As time goes on portion sizes seem to grow continuously, along with our appetites. This article shows side by side comparisons of average food portions 20 years ago versus now. In 2000, average Americans enjoyed a 140 calorie bagel versus a 350 calorie bagel today. A 2.4 ounce, 210 calorie package of fries was the norm then, 20 years later a 6.9 ounce, 610 calorie fry is more common. The proof is in the pudding–Americans eat way more now than ever. Just look at the way this graph displays the rise in calorie intake since 1970. There was a 20% increase in calorie intake from 1970 to 2010, and that’s not even the most recent figure. In 2017, about 60% of an average American’s diet consists of sugar, flour/grains, and oil. These three categories have essentially no nutritional value and are particularly indicative of a diet high in processed foods.
So what is a processed food? According to one definition, processed foods “are packaged in boxes, cans or bags. These foods need to be processed extensively to be edible and are not found as is in nature. [Processed foods] often contain additives, artificial flavorings and other chemical ingredients.” Government subsidized commodity crops like wheat, soy and corn are big money makers for the food industry. These crops are cheap and have the potential to be ground up and pumped full of chemicals to become palatable items like breakfast cereals, cake mixes or muffins.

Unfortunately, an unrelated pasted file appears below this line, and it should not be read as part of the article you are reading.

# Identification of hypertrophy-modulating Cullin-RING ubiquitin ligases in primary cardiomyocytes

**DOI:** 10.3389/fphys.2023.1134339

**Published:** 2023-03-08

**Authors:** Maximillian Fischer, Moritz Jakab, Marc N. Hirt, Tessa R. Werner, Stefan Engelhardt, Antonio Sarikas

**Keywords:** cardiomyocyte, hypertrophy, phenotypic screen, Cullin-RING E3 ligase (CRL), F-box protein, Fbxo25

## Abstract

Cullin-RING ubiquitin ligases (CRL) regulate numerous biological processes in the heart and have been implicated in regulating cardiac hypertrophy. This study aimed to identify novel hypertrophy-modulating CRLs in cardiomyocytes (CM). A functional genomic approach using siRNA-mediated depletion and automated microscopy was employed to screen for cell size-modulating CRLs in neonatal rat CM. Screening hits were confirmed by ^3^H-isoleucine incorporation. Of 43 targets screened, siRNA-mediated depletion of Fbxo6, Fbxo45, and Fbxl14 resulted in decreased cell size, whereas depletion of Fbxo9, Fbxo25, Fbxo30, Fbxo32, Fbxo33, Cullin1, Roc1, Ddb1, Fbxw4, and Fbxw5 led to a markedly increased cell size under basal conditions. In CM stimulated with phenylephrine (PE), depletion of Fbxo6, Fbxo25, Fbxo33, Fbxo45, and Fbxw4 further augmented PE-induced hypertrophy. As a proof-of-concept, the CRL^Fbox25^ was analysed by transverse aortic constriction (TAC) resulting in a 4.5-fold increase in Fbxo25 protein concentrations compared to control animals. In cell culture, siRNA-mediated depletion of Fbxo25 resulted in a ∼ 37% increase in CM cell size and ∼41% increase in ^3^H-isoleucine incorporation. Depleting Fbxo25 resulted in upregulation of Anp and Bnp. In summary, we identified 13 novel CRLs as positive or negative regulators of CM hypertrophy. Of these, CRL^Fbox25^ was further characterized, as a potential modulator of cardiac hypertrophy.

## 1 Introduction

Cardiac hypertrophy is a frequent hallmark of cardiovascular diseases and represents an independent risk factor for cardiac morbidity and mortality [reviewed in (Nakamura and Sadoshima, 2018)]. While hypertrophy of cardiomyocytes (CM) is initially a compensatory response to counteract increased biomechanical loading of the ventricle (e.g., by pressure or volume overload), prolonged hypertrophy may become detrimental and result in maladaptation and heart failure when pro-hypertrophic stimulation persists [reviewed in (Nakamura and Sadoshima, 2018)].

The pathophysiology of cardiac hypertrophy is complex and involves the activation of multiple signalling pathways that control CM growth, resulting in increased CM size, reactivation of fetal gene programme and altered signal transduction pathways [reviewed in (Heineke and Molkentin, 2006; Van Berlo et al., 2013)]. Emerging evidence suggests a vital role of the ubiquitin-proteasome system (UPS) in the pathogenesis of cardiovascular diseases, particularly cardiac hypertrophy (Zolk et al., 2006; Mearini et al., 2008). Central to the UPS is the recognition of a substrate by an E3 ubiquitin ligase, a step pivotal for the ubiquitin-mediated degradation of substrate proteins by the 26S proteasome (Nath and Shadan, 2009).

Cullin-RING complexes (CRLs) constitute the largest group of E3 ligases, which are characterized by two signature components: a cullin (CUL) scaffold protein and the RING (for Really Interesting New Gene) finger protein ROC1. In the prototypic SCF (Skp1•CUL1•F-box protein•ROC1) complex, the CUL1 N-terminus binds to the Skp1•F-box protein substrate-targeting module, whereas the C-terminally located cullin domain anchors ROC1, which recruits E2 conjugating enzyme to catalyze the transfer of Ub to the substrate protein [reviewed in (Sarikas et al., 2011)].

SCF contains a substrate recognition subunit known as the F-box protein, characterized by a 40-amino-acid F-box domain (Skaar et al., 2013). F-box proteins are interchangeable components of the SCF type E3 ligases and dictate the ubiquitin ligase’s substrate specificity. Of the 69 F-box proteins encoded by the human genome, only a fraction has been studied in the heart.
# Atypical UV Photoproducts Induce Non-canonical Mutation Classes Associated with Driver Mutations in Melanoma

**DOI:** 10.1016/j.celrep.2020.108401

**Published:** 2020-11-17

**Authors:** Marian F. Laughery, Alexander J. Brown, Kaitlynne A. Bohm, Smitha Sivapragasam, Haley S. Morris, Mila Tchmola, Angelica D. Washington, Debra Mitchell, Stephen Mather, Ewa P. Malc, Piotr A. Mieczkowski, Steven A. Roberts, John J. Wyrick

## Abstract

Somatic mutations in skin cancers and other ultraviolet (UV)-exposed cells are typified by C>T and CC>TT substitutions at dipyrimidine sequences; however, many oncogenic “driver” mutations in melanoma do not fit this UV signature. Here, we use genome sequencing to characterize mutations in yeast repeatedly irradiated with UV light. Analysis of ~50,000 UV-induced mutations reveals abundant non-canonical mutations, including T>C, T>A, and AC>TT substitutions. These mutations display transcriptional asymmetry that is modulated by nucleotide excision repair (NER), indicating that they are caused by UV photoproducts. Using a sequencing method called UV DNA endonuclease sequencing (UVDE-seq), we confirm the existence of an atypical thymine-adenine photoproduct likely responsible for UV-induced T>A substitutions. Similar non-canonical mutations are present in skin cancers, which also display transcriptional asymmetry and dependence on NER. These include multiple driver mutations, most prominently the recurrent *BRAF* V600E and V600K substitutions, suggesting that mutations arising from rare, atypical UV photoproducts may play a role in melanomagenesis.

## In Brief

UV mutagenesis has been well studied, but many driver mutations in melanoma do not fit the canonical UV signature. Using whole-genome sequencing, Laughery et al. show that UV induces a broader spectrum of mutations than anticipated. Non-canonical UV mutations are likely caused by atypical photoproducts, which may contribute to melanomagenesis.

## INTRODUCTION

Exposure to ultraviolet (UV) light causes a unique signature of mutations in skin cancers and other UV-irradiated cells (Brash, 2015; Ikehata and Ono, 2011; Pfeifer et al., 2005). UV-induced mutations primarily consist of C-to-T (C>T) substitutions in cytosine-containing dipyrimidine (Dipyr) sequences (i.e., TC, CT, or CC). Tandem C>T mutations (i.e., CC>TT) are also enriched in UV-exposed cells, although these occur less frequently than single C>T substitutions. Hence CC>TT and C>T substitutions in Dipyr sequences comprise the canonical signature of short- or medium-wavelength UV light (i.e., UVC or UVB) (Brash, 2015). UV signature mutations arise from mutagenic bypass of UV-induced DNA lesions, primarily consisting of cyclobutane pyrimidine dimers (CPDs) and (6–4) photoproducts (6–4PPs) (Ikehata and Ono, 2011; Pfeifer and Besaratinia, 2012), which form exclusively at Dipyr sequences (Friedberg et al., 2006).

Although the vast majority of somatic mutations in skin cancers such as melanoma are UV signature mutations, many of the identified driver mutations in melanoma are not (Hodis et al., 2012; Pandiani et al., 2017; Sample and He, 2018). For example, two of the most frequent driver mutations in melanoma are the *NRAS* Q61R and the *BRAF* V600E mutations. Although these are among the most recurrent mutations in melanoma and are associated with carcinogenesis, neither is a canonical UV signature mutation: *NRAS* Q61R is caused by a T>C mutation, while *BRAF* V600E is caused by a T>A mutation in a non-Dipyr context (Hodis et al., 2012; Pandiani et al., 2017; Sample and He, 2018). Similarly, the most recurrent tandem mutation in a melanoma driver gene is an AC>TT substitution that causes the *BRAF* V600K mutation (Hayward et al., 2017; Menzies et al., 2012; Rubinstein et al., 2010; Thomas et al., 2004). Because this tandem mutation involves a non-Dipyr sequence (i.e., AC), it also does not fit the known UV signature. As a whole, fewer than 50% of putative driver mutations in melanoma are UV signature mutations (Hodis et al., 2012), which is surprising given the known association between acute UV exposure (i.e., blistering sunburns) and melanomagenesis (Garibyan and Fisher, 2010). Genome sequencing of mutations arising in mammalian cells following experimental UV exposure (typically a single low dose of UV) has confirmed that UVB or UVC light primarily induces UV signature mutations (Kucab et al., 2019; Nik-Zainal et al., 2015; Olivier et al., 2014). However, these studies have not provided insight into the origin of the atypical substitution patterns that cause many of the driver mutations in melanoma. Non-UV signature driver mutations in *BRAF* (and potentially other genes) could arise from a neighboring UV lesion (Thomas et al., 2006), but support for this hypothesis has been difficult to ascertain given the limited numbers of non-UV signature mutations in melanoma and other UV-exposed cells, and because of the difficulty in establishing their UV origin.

What, or should I say who, do we attribute to this appetite augmentation? For years the fast food industry has been increasing portion sizes in almost every menu item. Additionally, publicly traded companies like General Mills or Nestle must report increases in profits every so often to Wall Street. Of course, people can only eat so much, thus a new era of “conditioned overeating” has emerged. The food industry is responsible for producing larger portions full of highly addictive substances like sugar. Less processed foods are also more filling, so the more processed we eat, the more we will buy as consumers.
So how is this a social justice issue? you may be wondering. When a family is struggling to make ends meet and the parents are perhaps working more than one job, it’s inevitable that they will go for cheaper, quicker options. Fast food and processed products will be at the top of their list for these reasons. Healthy, whole foods are hard to come by on a budget but this doesn’t mean poor people shouldn’t have access. Healthy diets are their own type of preventative health care and making nutritious, unprocessed foods more universally available would be a step towards a healthier America.